It started with a club program at Indian River High School. Then a varsity program for the boys, and eventually one for the girls. Then youth clinics and, just this past summer, the first Sharp Shooter Lax Shooting Camp.
Now, with the sport on the rise not only across the state of Delaware, but the nation as well, the local area could finally have its first lacrosse feeder program, with the Tribe Lacrosse Youth Developmental League.
“The hunger is there for the sport. We just don’t have enough kids that are into it yet because they really don’t know where to turn,” said Indian River High School assistant lacrosse coach and Sharp Shooter Lax Shooting Camp’s Dave Spencer.
“We want to be in competition with some of these powerhouses around. Even though we’re five years old, we feel like, to step up and play with the big boys, you gotta do it the right way and doing stuff like this is the right way.”
Spencer went on to note that the closest programs around for local kids to get involved with the sport from a young age are out in Salisbury, Md., and up toward the Cape region — which is where his own kids have been playing.
He and Indian River head coach Jim Dietsch noted the need for a program in the immediate area, which was reinforced by youth players at Sharp Shooter this past July.
For the past three years, Dietsch has put on local youth clinics, but now Tribe Lacrosse is looking to take the next step.
Before they do that, however, they’ll need to start with some equipment, which they’re hoping the community will step up and help them fund.
“It takes a village to raise a child; it takes a community to raise youth lacrosse,” said Dietsch, who has been involved in youth lacrosse throughout his more than 40 years of coaching and helped develop programs including the one in Bel Air, Md., while coaching at the University of Maryland.
“We can’t do it without equipment. Somehow, someway, we’re gonna get the kids equipment.”
While Dietsch has reached out to U.S. Lacrosse for a possible grant to help offset the cost of everything from helmets and shoulder pads to gloves and cleats, he and Spencer are working with the Indian River School District Community Education Program and have also reached out to Lax World, which will be providing equipment for the new program at discounted prices.
Fundraising efforts are under way, with the first donation coming from former IR Lacrosse Boosters’ President Tamara Smyth and her son Tristan Smyth, the owners of Turtle Beach Café on the boardwalk in Bethany Beach.
Tristan Smyth helped pioneer the varsity program at Indian River, as a defenseman on the Indians’ first-ever state tournament team in 2014. That was also their first varsity season, but they got their start as a club and J.V. program using some particularly outdated equipment.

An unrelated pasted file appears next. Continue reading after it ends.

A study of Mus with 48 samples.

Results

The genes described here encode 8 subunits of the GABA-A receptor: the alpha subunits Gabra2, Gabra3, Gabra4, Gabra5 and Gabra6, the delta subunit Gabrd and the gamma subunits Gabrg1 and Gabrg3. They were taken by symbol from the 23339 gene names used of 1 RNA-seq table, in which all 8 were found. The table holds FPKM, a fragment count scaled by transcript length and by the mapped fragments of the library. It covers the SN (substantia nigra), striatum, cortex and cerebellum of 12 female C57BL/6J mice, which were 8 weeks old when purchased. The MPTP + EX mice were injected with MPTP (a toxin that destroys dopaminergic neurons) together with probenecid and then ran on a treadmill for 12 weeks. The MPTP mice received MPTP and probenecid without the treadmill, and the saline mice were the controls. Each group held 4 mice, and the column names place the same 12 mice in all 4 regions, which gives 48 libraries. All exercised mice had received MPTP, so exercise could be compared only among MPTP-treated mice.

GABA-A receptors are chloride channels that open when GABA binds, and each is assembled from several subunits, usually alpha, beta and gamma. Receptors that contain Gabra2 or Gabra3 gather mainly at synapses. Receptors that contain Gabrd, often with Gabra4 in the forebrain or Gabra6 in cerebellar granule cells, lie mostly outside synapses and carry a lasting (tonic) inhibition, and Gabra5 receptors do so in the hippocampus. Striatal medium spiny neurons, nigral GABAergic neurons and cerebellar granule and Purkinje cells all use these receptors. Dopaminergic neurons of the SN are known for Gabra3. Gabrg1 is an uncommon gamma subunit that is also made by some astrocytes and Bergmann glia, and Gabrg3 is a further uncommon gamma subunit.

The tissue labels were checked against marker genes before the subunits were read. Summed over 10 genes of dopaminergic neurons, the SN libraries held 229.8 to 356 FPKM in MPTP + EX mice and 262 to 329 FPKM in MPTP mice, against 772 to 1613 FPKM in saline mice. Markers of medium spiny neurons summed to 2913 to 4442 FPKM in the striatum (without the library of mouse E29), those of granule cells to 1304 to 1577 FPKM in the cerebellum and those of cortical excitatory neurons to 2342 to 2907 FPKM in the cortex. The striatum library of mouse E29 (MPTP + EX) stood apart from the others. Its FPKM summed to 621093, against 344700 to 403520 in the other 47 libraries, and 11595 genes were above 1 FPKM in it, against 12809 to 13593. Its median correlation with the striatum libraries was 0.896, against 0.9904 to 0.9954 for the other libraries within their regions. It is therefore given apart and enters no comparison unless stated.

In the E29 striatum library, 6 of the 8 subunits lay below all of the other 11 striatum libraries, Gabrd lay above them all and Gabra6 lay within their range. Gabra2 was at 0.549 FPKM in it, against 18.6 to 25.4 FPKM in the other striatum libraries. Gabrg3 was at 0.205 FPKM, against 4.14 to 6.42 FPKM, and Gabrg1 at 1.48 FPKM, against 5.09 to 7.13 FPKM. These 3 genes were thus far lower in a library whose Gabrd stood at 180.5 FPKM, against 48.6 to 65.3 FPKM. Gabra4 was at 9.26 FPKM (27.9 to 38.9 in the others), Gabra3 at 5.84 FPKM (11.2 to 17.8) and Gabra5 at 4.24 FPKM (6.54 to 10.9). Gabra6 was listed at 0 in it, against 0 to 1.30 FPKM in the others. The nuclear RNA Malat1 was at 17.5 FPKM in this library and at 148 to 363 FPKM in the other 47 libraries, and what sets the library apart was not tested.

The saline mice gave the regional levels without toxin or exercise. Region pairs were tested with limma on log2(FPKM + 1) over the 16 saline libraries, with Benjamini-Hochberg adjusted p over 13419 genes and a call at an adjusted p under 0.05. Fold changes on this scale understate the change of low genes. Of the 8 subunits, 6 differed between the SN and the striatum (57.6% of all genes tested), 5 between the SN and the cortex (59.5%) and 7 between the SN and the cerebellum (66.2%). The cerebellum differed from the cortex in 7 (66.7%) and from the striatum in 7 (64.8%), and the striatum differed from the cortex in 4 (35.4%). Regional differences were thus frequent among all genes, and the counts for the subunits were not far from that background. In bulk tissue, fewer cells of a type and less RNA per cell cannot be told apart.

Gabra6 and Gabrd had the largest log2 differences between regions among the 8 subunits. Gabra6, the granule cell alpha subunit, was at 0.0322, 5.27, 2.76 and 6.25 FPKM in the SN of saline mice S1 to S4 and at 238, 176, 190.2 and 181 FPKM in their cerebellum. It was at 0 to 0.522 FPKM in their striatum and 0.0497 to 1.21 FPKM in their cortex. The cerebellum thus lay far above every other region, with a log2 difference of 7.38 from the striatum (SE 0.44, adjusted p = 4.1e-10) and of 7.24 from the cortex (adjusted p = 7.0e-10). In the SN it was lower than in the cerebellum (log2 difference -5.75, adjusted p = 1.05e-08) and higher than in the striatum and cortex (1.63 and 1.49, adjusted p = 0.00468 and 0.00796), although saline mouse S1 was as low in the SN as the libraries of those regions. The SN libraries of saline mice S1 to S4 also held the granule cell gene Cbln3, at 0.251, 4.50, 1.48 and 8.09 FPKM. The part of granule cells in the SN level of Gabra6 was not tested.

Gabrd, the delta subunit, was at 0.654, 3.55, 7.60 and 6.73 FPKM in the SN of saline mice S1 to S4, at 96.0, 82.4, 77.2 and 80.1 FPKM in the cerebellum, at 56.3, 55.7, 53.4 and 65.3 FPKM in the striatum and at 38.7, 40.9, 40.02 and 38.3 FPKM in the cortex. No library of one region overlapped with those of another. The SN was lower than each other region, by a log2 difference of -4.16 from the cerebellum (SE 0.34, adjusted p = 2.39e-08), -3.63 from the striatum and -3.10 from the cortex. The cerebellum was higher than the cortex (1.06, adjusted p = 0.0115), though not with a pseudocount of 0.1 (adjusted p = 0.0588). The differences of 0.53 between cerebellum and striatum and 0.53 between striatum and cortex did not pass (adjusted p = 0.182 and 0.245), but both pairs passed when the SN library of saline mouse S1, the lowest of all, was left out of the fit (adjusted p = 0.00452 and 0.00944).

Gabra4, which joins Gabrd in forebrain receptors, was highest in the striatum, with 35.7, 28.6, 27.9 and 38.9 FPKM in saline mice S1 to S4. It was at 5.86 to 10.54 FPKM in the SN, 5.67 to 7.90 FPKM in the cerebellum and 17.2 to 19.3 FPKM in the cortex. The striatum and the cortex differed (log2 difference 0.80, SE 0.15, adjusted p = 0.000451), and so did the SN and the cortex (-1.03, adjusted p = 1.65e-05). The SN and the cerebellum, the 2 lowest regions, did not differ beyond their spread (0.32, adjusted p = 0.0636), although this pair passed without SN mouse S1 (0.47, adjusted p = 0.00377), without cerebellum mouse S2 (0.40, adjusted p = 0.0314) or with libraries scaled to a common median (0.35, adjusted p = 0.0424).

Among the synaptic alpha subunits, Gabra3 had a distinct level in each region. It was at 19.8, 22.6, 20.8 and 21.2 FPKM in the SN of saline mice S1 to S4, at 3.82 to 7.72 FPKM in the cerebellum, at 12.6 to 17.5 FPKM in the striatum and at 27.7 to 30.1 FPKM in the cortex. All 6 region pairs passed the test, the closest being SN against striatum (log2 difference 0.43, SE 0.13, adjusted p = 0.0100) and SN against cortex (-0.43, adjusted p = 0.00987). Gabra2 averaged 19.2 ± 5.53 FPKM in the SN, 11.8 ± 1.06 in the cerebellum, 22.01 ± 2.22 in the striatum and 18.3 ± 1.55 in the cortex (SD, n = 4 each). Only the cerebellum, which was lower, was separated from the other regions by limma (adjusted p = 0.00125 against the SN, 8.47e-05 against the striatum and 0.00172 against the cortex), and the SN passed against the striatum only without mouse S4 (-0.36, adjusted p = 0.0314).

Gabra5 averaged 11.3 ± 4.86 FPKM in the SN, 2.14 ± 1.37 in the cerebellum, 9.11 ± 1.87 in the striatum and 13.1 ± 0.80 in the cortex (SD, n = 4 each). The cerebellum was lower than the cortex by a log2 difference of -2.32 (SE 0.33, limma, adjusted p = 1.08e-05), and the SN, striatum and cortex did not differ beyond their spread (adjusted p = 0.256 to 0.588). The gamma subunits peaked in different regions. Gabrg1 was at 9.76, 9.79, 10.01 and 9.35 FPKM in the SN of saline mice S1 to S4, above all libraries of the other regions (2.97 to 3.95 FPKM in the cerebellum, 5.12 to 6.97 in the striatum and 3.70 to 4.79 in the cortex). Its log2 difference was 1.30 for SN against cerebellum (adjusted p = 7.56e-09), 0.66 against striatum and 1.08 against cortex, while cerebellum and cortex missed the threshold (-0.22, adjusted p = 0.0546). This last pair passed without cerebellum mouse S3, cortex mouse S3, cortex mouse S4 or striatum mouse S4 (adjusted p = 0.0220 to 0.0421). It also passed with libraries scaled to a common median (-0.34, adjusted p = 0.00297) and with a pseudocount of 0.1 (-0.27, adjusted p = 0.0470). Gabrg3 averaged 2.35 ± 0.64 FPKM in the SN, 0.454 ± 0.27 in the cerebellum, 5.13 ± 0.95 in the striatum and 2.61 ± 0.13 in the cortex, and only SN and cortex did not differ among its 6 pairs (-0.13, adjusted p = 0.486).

“When we first started up, it was ragtag. We had helmets from the ’80s,” Smyth said with a laugh.
“It’ll be great to get a youth program around here. If you go play football, they have everything for you. It’ll be good to have lacrosse equipment for some of the kids who don’t have the funds to go out and buy it, so they can still go out there and play.”
As Smyth noted, unlike football, players are generally responsible for their own equipment when starting up in lacrosse. And, typically, that equipment can be expensive.
With the one-time discount prices provided by Lax World, however, local businesses and lacrosse boosters will have the chance to outfit a player in a pair of gloves for around $25, and an entire set of equipment for around $200. That’s compared to what Spencer estimated to be around $500 at normal prices.
Currently, youth players are going around town with fundraising letters and forms for checks to be made payable to Lax World. Businesses are being asked to donate what they can, but Dietsch and Spencer said that every little bit counts.
“It’s a great opportunity for the kids to be part of something where the cost is offset by the people donating in the community,” said Spencer. “Just to have the community give back and support the growth of lacrosse around here — it really means a lot.”
The first season of the Tribe Youth Developmental League will be held throughout six weeks this spring, beginning on March 21. Boys in grades 6 throughout 8 will be eligible to play this season, with players from the high school program volunteering to help coach and referee.
For more information on the program or donations, contact Jim Dietsch at email@example.com.